GM unplugged: Wall Street skeptical of electric plans

GM CEO: We need more diverse engineers
GM CEO: We need more diverse engineers

General Motors has been red hot lately -- perhaps too hot. Goldman Sachs downgraded the auto maker's stock to a rare "sell" rating Monday, arguing that GM has benefited from too much hype about electric vehicles and self-driving cars.

The Goldman analysts argue that GM is doing a good job of promoting its strategy for producing more autonomous and electric cars. But that's helped lead to a big, and unsustainable, spike in GM's stock lately, according to Goldman.

Although shares of GM (GM) fell nearly 3% after the Goldman ratings cut Monday, the stock is still up 25% this year and is near its highest levels since the "new" GM emerged from its taxpayer funded bankruptcy and began trading again in 2010.

These are still the early stages for electric cars. And there might be too much hoopla -- and also a lot of competition from the likes of traditional rivals Ford (F) and Toyota (TM) as well as upstart Tesla (TSLA).

The Goldman analysts think that even though regulators would love to have fewer gas-guzzling cars on the road, the costs of owning an electric vehicle may be too high for many drivers unless there are more government subsidies and incentives for them.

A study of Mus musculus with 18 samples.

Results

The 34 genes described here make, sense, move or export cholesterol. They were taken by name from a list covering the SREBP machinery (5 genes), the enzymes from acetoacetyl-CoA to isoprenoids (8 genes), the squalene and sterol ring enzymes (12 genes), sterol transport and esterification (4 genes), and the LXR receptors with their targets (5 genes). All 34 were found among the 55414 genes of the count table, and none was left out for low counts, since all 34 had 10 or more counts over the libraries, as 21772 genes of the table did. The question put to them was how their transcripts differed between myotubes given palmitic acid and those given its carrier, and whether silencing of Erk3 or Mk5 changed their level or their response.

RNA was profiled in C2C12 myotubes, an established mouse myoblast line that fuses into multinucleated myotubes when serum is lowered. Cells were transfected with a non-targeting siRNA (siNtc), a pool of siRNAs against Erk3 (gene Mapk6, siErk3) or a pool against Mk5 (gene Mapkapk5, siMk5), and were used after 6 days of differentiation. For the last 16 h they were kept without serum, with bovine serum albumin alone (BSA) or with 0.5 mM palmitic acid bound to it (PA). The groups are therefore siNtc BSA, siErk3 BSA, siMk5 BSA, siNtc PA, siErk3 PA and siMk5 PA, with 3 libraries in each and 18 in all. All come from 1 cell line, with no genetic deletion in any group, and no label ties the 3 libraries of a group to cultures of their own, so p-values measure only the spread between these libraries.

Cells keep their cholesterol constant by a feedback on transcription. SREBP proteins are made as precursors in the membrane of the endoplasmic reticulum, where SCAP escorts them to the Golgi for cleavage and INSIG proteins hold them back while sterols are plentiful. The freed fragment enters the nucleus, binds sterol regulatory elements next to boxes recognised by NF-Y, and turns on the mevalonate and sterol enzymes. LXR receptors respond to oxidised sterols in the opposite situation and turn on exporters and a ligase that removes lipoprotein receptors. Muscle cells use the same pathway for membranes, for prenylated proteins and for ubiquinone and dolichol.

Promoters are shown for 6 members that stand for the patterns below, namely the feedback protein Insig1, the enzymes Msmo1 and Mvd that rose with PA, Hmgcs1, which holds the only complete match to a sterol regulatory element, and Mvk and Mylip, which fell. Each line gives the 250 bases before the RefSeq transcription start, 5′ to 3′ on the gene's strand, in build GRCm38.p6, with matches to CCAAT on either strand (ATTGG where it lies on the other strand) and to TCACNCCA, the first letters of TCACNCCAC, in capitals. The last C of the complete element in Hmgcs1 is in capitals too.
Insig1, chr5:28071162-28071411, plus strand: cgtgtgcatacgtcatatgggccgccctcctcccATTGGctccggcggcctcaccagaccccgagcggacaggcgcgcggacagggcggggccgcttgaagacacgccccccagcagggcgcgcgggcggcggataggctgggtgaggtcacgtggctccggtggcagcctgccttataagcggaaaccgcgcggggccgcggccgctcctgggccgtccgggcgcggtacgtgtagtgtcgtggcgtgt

"While pursuing battery electric vehicles early likely helps in the long-run for tightening emissions regulations, we continue to believe that high battery costs make these vehicles unappealing to the consumer," the Goldman analysts wrote in a report.

Related: GM unveils futuristic self-driving army truck

Goldman Sachs is pretty bearish on Tesla too though -- and that has turned out to be a bad call so far. The investment bank that many refer to as the Vampire Squid, downgraded Tesla to a "sell" in late February -- and Tesla's stock has gained 25% since then.

Still, the Goldman analysts also think GM is getting too much attention for its autonomous vehicles plans. Many investors seem excited by the notion that in the future there will be armies of self-driving cars available for ridesharing.

The Goldman analysts worry that "the market appears to have already rewarded GM for its self-driving car plans and also that "current industry ride-hailing models are generally unprofitable."

The bigger concern though? Prices for autonomous cars, especially ones made for ridesharing, could fall even further due to intense competition.

In addition to the threat from other big car companies, Uber is expected to be a big player in self-driving cars, as are the Alphabet (GOOGL)-owned Waymo as well as Apple (AAPL). The Goldman analysts even warned of a "deflationary environment" in the market.

The Goldman analysts also think GM will face more competition in the truck market from Ford as it revamps its F-series line, and that SUV and crossover prices may fall as the entire auto industry looks to produce more of these larger vehicles.

While price wars may be music to the ears of consumers, they rarely turn out well for investors.